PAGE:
Metallica, along with the Recording Industry Association of America and others, has sued Napster charging various copyright law violations because the company’s file-swapping software enables users to easily download music without paying for it.

The hearing on digital music and the Internet featured rock stars and suits alike explaining to the Senate panel the effect that downloadable music is having on the recording industry. In addition to Ulrich and Napster CEO Hank Barry, senators heard from Byrds founder Roger McGuinn and CEO Michael Robertson.

But the stars of the show were clearly Ulrich and Barry.

“Napster hijacked our music without asking,” Ulrich testified. “They never sought our permission. Our catalog of music simply became available as free downloads on the Napster system.”

“Napster is helping and not hurting the recording industry and artists,” Barry countered. “A chorus of studies show that Napster users buy more records as a result of using Napster and that sampling music before buying is the most important reason that people use Napster.”

Ulrich compared downloading from Napster to stealing a CD from a record store.

“Every time a Napster enthusiast downloads a song, it takes money from the pockets of all these members of the creative community,” Ulrich said.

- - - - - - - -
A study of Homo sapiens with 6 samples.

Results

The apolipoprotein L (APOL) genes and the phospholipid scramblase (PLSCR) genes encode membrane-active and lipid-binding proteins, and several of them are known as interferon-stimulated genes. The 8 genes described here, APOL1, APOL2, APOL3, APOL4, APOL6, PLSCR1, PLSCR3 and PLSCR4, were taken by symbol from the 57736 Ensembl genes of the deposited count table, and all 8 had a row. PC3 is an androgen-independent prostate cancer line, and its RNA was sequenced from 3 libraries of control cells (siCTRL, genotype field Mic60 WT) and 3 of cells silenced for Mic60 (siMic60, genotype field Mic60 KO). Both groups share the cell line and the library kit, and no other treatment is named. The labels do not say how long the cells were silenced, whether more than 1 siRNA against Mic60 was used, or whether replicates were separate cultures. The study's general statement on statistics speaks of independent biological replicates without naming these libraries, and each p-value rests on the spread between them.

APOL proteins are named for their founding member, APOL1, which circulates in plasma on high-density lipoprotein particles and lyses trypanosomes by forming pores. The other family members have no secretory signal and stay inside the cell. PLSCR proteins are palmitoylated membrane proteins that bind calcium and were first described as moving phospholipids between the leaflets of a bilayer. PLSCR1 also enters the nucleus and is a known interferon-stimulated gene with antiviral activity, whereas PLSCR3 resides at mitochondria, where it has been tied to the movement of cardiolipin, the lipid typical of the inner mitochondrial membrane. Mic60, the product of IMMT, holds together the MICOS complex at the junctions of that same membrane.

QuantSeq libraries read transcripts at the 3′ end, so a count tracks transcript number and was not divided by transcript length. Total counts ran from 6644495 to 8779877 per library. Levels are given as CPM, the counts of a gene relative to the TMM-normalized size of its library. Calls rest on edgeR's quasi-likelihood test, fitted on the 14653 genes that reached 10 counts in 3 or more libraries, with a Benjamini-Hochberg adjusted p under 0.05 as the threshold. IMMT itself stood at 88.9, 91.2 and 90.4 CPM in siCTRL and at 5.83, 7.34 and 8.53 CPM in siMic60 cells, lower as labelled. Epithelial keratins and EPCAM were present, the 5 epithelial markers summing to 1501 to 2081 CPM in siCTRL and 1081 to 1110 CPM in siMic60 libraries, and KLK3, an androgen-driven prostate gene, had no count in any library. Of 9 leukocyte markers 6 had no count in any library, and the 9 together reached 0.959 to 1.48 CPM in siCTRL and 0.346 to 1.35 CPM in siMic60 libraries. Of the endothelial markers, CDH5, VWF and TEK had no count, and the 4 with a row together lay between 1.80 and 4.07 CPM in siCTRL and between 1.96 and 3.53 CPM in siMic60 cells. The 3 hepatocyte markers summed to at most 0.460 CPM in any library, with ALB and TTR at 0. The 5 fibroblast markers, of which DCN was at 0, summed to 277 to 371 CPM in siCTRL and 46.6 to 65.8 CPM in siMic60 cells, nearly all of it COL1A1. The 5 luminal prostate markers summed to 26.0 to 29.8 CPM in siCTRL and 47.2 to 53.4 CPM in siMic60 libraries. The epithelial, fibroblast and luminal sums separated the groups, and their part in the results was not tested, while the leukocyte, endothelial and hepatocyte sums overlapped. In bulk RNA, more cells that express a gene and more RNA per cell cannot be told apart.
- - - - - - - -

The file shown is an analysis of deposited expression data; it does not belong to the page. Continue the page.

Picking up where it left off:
Sen. Patrick Leahy (D-Vt.), a known Deadhead, said the committee is still trying to decide whether it’s necessary to bring the federal government in to referee.

“I don’t think there is a way this can be worked out without your involvement,” Ulrich said.

“I think we must let the market work and let history be our guide in not squashing this technology too soon,” Barry said, noting that copyright complaints had been worked out with the arrival of radio, television and satellite television.

McGuinn testified that during the apex of his career with the Byrds in the 1960s, he was paid modest sums from recording contracts and royalties. However, he has been offered a 50 percent royalty rate by, which recently settled a suit with two record companies over copyright infringement charges.

“I was delighted by this youthful and uncommonly fair approach to the recording industry,” McGuinn testified.

“I think the market will sort itself out,” he added.

Hatch demonstrated to the committee that he’s as hip to downloadable music as they come. At one point, Hatch used Gnutella software to download a Creed song for the committee to listen to.

Gnutella developer Gene Kan sarcastically pointed out, “we just infringed rights now, and everybody just chuckled about it.”

“I don’t think we infringed rights,” Hatch retorted. “It was for education and governmental purposes.”

Hatch, who has recorded several country and religious CDs, drew laughter from the committee and gallery when he proclaimed, “I was listening to Metallica this morning in my office. Pretty darn good!”

He didn’t say whether he downloaded his Metallica collection from Napster, however.